Norman Rockwell once said, “I showed the America I knew and observed to others who might not have noticed.” Most of Rockwell’s covers are subtle opportunities to stop and look at the innocent, decent normalcy of American life. On Three April Fools’ Days throughout the 1940s, Rockwell took a chance showing a surreal America no one knew, and he certainly made us notice.
After spending six months working on the serious “Four Freedoms” paintings, the ideas for which came from a war propaganda speech by President Roosevelt, the April Fools covers were a welcome moment for Rockwell to take a step back from war and celebrate joyous laughter.
His April Fools’ Day covers turned seemingly innocent depictions of American life upside down with hundreds of topsy-turvy injections of laughable absurdity. The first of the paintings appeared on April 3, 1943; the second on March 31, 1945; and the final April Fools’ Day cover on April 3, 1948. The scenes are simple Rockwell “Americana”: an elderly couple playing chess, a man fishing while leaning against a tree, and a girl shopping for a doll–all comically, nonsensically twisted.
American sensibilities had become more serious with the onset of World War II. Rockwell’s former models–adolescents at play, in a store, at the doctor’s office–had grown into young men and women asked to serve their country. Although Rockwell would later return to paintings of children, everyday lives were turned upside-down by this new reality. Small-town simplicity had been traded for the construction of war machines, rations and collected supplies, and various means of an entire nation aiding the war effort.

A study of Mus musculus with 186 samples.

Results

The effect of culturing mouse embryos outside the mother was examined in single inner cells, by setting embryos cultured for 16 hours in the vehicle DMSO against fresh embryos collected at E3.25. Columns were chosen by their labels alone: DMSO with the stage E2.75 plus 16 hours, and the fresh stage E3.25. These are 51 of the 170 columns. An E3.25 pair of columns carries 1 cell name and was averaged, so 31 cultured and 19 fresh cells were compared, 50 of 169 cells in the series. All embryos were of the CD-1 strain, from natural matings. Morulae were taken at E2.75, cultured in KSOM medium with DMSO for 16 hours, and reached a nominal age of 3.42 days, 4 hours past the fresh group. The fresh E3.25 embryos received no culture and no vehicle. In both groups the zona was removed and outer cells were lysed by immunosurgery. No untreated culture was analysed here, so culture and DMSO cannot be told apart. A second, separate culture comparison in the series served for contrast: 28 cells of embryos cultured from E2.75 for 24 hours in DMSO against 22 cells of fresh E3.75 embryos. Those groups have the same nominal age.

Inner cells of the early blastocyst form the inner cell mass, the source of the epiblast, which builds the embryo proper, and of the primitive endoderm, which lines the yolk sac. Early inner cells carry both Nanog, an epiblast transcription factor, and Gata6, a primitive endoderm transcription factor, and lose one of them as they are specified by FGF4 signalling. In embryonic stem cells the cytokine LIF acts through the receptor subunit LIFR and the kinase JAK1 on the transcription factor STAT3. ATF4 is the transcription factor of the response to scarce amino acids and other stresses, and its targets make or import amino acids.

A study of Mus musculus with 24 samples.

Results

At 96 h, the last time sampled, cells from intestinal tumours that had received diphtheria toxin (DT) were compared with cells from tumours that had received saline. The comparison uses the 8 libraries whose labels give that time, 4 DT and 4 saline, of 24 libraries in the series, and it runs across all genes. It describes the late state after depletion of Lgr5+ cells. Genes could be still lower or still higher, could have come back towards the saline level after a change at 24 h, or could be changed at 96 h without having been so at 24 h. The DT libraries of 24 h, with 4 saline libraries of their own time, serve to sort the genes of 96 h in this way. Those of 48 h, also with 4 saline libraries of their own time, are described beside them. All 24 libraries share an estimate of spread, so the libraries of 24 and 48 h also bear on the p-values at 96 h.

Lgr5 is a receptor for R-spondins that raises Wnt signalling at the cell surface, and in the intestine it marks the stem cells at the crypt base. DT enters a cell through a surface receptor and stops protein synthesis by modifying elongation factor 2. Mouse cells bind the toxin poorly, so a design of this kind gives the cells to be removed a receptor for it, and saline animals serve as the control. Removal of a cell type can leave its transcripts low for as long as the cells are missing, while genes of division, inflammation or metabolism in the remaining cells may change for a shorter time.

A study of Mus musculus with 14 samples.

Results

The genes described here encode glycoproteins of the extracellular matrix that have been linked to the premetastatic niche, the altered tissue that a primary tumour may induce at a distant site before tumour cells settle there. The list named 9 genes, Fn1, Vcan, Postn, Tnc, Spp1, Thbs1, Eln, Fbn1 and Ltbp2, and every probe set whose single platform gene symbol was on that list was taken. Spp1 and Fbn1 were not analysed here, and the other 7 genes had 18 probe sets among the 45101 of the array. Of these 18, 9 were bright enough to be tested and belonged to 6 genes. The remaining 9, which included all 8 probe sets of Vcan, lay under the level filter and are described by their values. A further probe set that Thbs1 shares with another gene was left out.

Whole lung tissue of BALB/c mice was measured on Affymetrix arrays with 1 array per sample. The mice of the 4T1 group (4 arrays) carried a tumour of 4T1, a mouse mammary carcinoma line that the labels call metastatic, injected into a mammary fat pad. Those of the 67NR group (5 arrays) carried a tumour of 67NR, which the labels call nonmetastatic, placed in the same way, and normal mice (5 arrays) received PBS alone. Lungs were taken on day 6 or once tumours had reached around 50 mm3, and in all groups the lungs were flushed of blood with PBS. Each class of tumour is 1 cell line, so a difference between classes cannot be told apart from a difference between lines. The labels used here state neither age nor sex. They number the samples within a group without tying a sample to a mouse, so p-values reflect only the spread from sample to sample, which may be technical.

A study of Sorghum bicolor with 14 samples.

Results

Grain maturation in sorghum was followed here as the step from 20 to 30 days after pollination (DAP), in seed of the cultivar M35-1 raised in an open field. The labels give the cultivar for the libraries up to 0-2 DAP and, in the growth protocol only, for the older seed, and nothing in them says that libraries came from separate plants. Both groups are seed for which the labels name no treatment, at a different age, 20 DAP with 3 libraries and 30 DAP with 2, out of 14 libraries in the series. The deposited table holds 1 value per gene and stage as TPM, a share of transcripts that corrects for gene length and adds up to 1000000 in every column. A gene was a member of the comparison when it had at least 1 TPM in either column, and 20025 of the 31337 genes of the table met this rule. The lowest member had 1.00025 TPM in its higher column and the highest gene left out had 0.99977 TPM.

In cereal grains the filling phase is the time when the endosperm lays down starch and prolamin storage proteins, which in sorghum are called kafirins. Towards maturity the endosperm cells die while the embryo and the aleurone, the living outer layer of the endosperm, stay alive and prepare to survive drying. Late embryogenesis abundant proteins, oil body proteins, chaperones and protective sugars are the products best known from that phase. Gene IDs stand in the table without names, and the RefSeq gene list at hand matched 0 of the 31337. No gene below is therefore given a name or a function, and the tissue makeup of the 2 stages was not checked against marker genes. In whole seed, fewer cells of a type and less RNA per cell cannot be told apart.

Seeing these covers from the magazine stand, or as they arrived in the mail, provided just as much fun for the viewership as Rockwell had taken in designing the illustrations. People could find each and every absurdity on their own or with a group, pointing out the various April Fools’ Day quirks and gaffs. They worked well as clever talking points to bring individuals, families, communities, and the nation together, coaxing them to pause, to block out the feelings of seriousness and frustration that consumed the country.
The covers worked so well that by the time the third was published, finding the jokes in Rockwell’s April Fools’ Day art became an exciting game The Post readership eagerly awaited. To this day, these three covers mesmerize viewers and bring a quick bout of laughter. See how many April Fools’ jokes you can spot and check your answers in the image below!